Thursday, 8 September 2016



(by L'Osservatore Romano, Weekly ed. in English, n. 37, 16 September 2016)


We are experiencing war, but the peace that everyone seeks today won’t come from “great protests” or “international meetings” with “splendid words” or a “successful conference”. Therefore, Pope Francis prayed for “the wisdom to make peace in the little everyday things, while aiming for the horizon of all humanity”. In the manner of craftsmen, he suggested, we must begin with ourselves, with our family, in the neighbourhood and in the workplace. This is the essence of true peace as described by the Pontiff during the Mass at Santa Marta on Thursday morning, the Feast of the Nativity of the Blessed Virgin Mary.

“In the oration of the collect at the beginning of Mass”, the Pontiff began, we “prayed to the Lord for the gift to grow in unity and in peace”. The word “peace”, therefore, is decisive. It is a matter of “growing in peace”. Thus, the Pope said: “today let us pray that all of us can grow in peace, in unity, because peace creates unity”.

In the day’s liturgy, the word “peace” appears straight away “in the oration at the beginning of Mass”. It is also repeated in the first reading taken from the Book of the Prophet Micah (5:1-4): “When he announces the coming of the Lord, he ends in this way: ‘And this shall be peace’”. The word returns again in the Gospel of Matthew (1:1-16, 18-23): “After the genealogy of Jesus, comes Joseph’s dream, and the angel says: ‘and his name shall be called Emmanuel’ (which means, God with us)” — and “God with us is peace”.

Thus, “three times today peace is mentioned” in the liturgy, the Pope continued. “Let us ask this: to grow in peace. Today’s liturgy is completely involved with this path, and all of us — and also the entire world — we need peace”.

“If we ask for peace”, the Pontiff explained, “it is because peace is a gift: a gift that the Lord gives us. But let us also ask to grow in peace: it is a gift, but also a gift that has its path in life, its path in history; a gift that each one of us must take up and form in order to help it grow”. Indeed, “in salvation history, from the Lord’s first promise in the earthly paradise until the coming of Jesus, there is a long road that we have heard about in the Gospel: this man begot that one, that man begot another”.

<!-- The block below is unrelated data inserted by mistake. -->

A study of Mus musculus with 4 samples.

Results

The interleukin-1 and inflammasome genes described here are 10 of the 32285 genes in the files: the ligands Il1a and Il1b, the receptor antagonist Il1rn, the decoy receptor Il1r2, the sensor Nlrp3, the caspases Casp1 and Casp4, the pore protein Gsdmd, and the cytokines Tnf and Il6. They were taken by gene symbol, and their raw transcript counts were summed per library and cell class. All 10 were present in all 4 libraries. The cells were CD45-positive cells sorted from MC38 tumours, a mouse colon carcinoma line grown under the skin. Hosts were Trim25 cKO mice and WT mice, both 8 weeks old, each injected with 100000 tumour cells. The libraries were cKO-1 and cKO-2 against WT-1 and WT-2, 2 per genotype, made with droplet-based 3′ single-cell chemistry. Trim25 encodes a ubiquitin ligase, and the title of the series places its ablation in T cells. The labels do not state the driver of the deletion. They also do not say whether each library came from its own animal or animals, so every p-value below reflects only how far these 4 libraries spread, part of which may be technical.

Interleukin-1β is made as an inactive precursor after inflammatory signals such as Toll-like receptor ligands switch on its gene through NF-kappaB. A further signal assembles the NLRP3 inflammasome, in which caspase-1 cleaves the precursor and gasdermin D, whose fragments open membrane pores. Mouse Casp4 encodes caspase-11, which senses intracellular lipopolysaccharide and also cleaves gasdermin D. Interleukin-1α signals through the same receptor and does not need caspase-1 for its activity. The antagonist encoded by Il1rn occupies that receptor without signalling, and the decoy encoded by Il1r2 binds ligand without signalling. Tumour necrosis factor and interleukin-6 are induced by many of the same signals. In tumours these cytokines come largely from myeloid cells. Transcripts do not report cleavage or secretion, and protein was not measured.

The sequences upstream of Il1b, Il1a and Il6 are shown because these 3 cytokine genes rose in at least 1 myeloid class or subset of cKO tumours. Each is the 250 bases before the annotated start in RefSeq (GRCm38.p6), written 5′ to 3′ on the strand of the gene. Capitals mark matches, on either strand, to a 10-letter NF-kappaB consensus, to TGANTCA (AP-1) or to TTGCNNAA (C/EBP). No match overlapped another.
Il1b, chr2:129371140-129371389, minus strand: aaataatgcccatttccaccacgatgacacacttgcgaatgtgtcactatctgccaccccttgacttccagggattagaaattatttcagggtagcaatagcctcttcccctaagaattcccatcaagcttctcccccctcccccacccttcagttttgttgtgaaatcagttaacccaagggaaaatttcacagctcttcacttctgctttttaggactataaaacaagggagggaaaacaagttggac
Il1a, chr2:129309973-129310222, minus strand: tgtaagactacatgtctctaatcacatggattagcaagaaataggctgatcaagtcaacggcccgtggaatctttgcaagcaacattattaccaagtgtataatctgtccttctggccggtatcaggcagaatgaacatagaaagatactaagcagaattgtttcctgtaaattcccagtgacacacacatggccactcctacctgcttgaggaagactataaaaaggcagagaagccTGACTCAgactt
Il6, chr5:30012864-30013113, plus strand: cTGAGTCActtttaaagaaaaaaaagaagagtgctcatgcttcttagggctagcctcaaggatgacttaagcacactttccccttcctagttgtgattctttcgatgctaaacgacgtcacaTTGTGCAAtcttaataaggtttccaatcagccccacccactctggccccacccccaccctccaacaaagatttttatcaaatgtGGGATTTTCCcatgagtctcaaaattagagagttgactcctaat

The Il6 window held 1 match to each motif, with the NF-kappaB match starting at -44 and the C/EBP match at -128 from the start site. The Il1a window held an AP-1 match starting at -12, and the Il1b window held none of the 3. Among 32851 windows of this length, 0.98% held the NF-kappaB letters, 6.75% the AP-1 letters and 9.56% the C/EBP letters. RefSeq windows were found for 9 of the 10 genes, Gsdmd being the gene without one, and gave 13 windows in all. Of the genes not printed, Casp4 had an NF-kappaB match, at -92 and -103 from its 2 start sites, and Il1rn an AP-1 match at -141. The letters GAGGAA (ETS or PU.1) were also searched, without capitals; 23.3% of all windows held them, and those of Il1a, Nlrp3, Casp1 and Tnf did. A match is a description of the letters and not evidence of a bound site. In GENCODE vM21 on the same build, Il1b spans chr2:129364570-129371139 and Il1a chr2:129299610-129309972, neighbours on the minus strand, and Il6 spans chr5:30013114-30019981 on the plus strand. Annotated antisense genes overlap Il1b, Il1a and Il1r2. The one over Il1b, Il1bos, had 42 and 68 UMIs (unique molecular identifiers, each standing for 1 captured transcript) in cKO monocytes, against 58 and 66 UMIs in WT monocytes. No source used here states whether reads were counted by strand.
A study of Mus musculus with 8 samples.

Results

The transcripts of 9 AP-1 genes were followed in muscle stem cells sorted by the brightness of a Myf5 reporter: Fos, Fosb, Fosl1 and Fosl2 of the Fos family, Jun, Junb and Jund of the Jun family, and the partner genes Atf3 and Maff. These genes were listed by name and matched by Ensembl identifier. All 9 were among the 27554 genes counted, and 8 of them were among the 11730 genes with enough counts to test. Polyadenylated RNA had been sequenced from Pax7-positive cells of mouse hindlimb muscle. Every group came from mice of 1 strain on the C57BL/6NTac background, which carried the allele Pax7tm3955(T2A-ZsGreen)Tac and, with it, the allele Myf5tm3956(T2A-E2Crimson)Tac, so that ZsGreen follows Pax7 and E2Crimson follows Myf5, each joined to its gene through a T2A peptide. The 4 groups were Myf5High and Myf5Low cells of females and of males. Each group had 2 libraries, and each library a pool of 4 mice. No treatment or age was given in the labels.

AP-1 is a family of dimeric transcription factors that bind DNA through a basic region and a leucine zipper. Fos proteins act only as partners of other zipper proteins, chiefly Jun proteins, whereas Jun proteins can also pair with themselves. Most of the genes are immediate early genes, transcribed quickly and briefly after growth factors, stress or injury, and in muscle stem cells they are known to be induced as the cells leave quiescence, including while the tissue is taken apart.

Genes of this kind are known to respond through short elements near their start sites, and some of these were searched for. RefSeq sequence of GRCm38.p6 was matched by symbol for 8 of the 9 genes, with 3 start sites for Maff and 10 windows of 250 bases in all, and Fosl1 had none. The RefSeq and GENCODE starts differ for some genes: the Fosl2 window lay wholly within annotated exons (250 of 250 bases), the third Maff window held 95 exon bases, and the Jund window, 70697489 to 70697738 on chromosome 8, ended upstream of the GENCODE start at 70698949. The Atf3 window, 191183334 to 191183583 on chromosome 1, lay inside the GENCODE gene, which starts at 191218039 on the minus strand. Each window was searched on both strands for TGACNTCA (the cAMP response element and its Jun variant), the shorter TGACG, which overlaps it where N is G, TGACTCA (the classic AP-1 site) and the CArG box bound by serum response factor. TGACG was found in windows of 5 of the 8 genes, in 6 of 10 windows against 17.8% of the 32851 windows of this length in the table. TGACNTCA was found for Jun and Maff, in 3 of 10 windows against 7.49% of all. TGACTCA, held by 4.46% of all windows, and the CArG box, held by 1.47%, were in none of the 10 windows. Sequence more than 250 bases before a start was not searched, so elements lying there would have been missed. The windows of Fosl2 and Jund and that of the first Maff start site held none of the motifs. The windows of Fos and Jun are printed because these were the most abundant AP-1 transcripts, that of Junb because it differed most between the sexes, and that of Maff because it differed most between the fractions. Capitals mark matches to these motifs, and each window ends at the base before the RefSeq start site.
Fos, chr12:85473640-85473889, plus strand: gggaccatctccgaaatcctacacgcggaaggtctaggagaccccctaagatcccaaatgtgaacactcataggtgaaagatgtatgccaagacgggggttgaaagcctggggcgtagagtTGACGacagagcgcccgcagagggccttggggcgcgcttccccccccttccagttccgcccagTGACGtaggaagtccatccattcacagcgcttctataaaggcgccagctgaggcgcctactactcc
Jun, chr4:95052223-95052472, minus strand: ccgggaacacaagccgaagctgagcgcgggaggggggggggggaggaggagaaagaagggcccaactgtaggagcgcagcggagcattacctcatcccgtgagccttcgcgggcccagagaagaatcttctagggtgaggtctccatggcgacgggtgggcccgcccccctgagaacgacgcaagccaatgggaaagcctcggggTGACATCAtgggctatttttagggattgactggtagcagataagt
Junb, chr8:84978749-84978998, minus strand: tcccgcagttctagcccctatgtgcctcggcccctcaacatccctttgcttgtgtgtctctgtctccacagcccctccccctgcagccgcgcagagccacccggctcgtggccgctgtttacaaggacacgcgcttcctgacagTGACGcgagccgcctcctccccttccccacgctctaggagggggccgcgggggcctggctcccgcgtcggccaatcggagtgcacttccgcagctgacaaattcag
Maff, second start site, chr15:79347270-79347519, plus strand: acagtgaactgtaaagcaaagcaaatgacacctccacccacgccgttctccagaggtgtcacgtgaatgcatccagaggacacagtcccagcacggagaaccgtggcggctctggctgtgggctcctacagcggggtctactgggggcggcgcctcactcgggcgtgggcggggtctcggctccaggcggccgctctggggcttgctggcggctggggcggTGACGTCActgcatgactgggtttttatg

Precisely “this path of saints and sinners”, the Pope stated, “tells us that we too must take up this gift of peace and make it the way of our life, make it enter us, make it enter the world”. After all, “peace is not made from one day to the next: peace is a gift, but a gift that must be taken up and formed every day”. For this reason, Francis continued, “we can say that peace is a gift that is crafted in the hands of mankind: we men and women, each day, take a step toward peace, it is our work. It is our work with the gift received: to make peace”.

For this to happen, it is important to understand how to perform this “handcrafted work” for peace. To help us, the Pope explained, “there is another word in today’s liturgy that can make us reflect, a word that speaks to us of smallness”. Also “the oration of the collect”, speaks of the “birth, the nativity of Our Lady: there is a little girl, whose feast is today”. Smallness is also emphasized in the prophecy of Micah: “you, O Bethlehem Ephrathah, who are little to be among the clans of Judah”. The words clearly indicate that Bethlehem is “so small” that it is not even shown on the map.

Again in reference to the liturgy of the day, the Pontiff also stated that “in the Gospel, after the long history of people, we find smallness, the smallness of a decision taken by Joseph, the smallness of a promise”. All this, Francis affirmed, helps us to understand that “peace is a gift, it is a handcrafted gift that we must form, every day”, but we must do so “in the small things, in the little everyday things”.

Of course “great protests for peace, large international meetings are not enough, if afterwards peace is not made in little ways”. Indeed, the Pope continued, “you can speak of peace with splendid words, have a successful conference”, but if in little ways, if “in your heart, there isn’t peace, in your family there isn’t peace, in your neighbourhood there isn’t peace, in your workplace there isn’t peace, neither will there be in the world”.

“Today, we all know, we are experiencing war and everyone asks for peace”, the Pontiff said. In facing this reality, he added, “I only ask this question, first to myself and then to you and to everyone: how is your heart today, is it at peace? If it is not at peace, before speaking of peace, set your heart at peace. How is your family today: is it at peace? If you are not able to bring forward your family, your presbyterate, your congregation, to bring them forward in peace; peaceful words are not enough for the world”.

Here then, Francis continued, is “the question that I would like to ask today: how is each of our hearts: are they at peace?”. Indeed, we must begin with the small things in order to achieve a peaceful world.

“We ask the Lord, today, the day of the Nativity of Our Lady”, the Pope recalled, that we may “grow in peace and in unity, because, naturally, where there is peace there is unity”. Indeed, “we have seen that peace is a gift: a gift that is worked every day like a handicraft and also, like all handcrafted things, it is made in small ways so as to reach greatness”.

In conclusion, before resuming the celebration, the Pope asked the Lord in prayer to “grant us the wisdom to make peace in the little everyday things, while aiming for the horizon of all humanity”.